Tuesday, May 6, 2014

Review: Dollface

Summary: America in the 1920s was a country alive with the wild fun of jazz, speakeasies, and a new kind of woman—the flapper.

Vera Abramowitz is determined to leave her gritty childhood behind and live a more exciting life, one that her mother never dreamed of. Bobbing her hair and showing her knees, the lipsticked beauty dazzles, doing the Charleston in nightclubs and earning the nickname “Dollface.”

As the ultimate flapper, Vera captures the attention of two high rollers, a handsome nightclub owner and a sexy gambler. On their arms, she gains entrée into a world filled with bootleg bourbon, wailing jazz, and money to burn. She thinks her biggest problem is choosing between them until the truth comes out. Her two lovers are really mobsters from rival gangs during Chicago’s infamous Beer Wars, a battle Al Capone refuses to lose.

The heady life she’s living is an illusion resting on a bedrock of crime and violence unlike anything the country has ever seen before. When the good times come to an end, Vera becomes entangled in everything from bootlegging to murder. And as men from both gangs fall around her, Vera must put together the pieces of her shattered life, as Chicago hurtles toward one of the most infamous days in its history, the St. Valentine’s Day Massacre. -- NAL

Years ago, there seemed to be no shortage of books about mobsters. I read practically every one I could get my hands on. So when I discovered DOLLFACE: A NOVEL OF THE ROARING TWENTIES by Renee Rosen, I knew I wanted to read it. Unlike most mob books that I read, this one took place in 1920s Chicago -- right at the height of Al Capone's rule!

DOLLFACE tells the story of Vera Abramowitz, a young woman who wants a different life than her mother led working in Chicago's meatpacking district. After cutting her hair into a fashionable bob and wearing shorter flapper-style dresses, Vera attracts the attention of not one but two Chicago mobsters. Aside from trying to balance relationships with both of them, the men are from rival gangs. Needless to say, Vera is in over her head!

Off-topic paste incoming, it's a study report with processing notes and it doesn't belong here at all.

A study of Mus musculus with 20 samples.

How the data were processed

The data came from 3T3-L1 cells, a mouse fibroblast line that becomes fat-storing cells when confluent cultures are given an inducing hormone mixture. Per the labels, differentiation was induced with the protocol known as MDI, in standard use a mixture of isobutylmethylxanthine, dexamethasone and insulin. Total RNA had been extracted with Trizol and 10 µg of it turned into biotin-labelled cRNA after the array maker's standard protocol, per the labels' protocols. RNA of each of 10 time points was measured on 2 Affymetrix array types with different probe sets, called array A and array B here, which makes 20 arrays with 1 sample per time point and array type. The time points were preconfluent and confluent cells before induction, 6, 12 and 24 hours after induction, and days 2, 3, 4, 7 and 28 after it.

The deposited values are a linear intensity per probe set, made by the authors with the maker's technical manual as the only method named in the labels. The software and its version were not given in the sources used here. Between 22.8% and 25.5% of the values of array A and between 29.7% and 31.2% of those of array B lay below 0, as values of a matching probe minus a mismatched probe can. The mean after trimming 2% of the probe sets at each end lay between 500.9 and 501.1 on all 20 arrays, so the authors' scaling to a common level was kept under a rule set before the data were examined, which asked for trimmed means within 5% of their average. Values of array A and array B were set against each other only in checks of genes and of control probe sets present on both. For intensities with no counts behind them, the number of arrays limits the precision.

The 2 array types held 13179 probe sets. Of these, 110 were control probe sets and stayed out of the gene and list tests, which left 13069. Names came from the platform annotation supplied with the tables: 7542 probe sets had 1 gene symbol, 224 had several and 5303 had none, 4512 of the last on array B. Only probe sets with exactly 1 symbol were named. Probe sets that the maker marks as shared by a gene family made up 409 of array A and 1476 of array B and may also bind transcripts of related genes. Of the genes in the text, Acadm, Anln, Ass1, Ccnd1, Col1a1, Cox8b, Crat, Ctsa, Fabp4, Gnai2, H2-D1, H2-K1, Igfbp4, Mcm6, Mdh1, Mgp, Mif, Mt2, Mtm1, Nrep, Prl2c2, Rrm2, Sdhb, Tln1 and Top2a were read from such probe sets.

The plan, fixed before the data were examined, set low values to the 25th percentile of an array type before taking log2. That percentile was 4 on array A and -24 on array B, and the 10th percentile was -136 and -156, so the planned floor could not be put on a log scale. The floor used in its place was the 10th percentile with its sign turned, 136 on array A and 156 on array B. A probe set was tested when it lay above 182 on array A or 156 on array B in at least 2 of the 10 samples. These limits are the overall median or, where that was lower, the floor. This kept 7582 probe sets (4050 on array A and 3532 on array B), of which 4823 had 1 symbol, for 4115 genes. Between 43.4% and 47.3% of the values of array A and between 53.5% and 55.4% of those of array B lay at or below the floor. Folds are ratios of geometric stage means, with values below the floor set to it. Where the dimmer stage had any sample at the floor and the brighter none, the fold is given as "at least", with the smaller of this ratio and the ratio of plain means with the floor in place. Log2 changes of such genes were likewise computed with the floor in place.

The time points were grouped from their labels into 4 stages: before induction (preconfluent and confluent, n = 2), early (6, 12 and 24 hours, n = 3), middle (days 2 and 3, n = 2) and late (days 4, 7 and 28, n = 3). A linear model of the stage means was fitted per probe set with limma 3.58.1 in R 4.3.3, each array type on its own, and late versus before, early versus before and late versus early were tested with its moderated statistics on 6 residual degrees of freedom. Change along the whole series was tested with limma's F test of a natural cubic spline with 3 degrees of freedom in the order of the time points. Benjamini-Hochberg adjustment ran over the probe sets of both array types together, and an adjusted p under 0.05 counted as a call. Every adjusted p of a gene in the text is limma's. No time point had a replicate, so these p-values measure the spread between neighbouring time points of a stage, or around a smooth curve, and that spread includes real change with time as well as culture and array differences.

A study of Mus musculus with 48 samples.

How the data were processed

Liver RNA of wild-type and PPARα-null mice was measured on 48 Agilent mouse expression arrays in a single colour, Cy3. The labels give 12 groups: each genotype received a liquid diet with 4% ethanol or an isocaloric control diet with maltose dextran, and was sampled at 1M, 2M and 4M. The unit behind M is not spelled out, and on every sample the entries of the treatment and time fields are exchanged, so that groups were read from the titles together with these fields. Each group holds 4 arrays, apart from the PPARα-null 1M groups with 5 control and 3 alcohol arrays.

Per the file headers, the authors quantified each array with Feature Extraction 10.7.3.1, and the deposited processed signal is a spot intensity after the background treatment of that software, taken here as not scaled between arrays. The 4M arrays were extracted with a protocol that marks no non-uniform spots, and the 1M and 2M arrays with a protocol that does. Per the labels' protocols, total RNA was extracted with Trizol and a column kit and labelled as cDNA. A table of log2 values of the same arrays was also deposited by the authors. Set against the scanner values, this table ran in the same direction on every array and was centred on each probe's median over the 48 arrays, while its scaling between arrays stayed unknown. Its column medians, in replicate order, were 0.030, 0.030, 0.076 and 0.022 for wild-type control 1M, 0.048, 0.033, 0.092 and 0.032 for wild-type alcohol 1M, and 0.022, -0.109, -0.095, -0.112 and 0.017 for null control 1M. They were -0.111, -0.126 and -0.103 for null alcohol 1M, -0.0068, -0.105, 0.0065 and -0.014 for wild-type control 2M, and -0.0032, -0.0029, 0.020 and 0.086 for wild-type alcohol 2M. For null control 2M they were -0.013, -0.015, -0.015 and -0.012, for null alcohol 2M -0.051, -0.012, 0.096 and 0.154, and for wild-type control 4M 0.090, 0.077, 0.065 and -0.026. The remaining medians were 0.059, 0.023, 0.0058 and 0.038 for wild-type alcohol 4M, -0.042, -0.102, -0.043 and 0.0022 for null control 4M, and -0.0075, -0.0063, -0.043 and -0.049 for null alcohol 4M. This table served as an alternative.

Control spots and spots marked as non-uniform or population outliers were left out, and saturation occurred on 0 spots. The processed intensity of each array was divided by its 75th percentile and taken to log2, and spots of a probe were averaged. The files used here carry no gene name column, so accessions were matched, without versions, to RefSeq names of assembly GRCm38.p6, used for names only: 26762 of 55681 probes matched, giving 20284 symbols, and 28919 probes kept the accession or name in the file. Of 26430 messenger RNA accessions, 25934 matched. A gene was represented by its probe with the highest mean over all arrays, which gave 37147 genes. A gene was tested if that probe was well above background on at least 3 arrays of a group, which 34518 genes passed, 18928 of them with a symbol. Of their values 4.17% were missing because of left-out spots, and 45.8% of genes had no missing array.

I found DOLLFACE to be very entertaining. While some of it was kind of predictable -- namely the beginning of the novel when she was having affairs with both men, it didn't get in the way of my enjoyment of the novel. I appreciated how Vera's character changed by the end of the novel, and I found her dilemmas to be intriguing. In addition, I really liked how Ms. Rosen incorporated so much factual history and real-life characters into the story. (She explains all of that at the end of the book!)

One of the main reasons I enjoyed this book so much was the character of Vera. I admit that early on I didn't really like her all that much. While I understood her desire to get away from her past and life a glamorous life, I didn't really feel an affinity with her until later in the novel -- probably when she became a mother. What I did really like about her character was how she tried to balance so many of the complicated issues in her life like dating two men from different sides in the mob war, to trying to be a good wife and mother, to trying to fit in with the Chicago society types, to feeling guilt about leaving her past behind. All of this personal conflict made Vera a very interesting character.

Another thing I really appreciated is how the author juxtaposed the tension in Vera's life with the tension in Chicago during the Beer Wars. As Vera's story got more and more complicated, the mobsters' story also became more heated; and I thought the author did a great job in bring the entire story to a climax with the St. Valentine's Day Massacre. I actually found the second half of the book to be almost riveting and I had a hard time putting it down!

DOLLFACE would make a terrific book club selection! The book includes a reading guide with sixteen questions. Since I found Vera to be such a complex character, of course I think there is a great deal to discuss. Some of the themes you might want to explore include the Jazz Age, the intrigue of gangsters, women's rights, class differences, love, betrayal, guilt, grief, and second chances.

DOLLFACE is ideal for readers who are interested in mobsters and 1920s Chicago as well as readers who appreciate an interesting female lead character.

Thanks to the publisher for providing a review copy of this novel.


bermudaonion said...

I first heard about this book at the book club event at BEA last year. The publicist made it sound terrific! It sounds perfect for my mom since she was born in the 1920s and lived close to Chicago.

Kim@Time2Read said...

1920s and Chicago mobsters. Sounds like something I HAVE to read! Thanks for the review!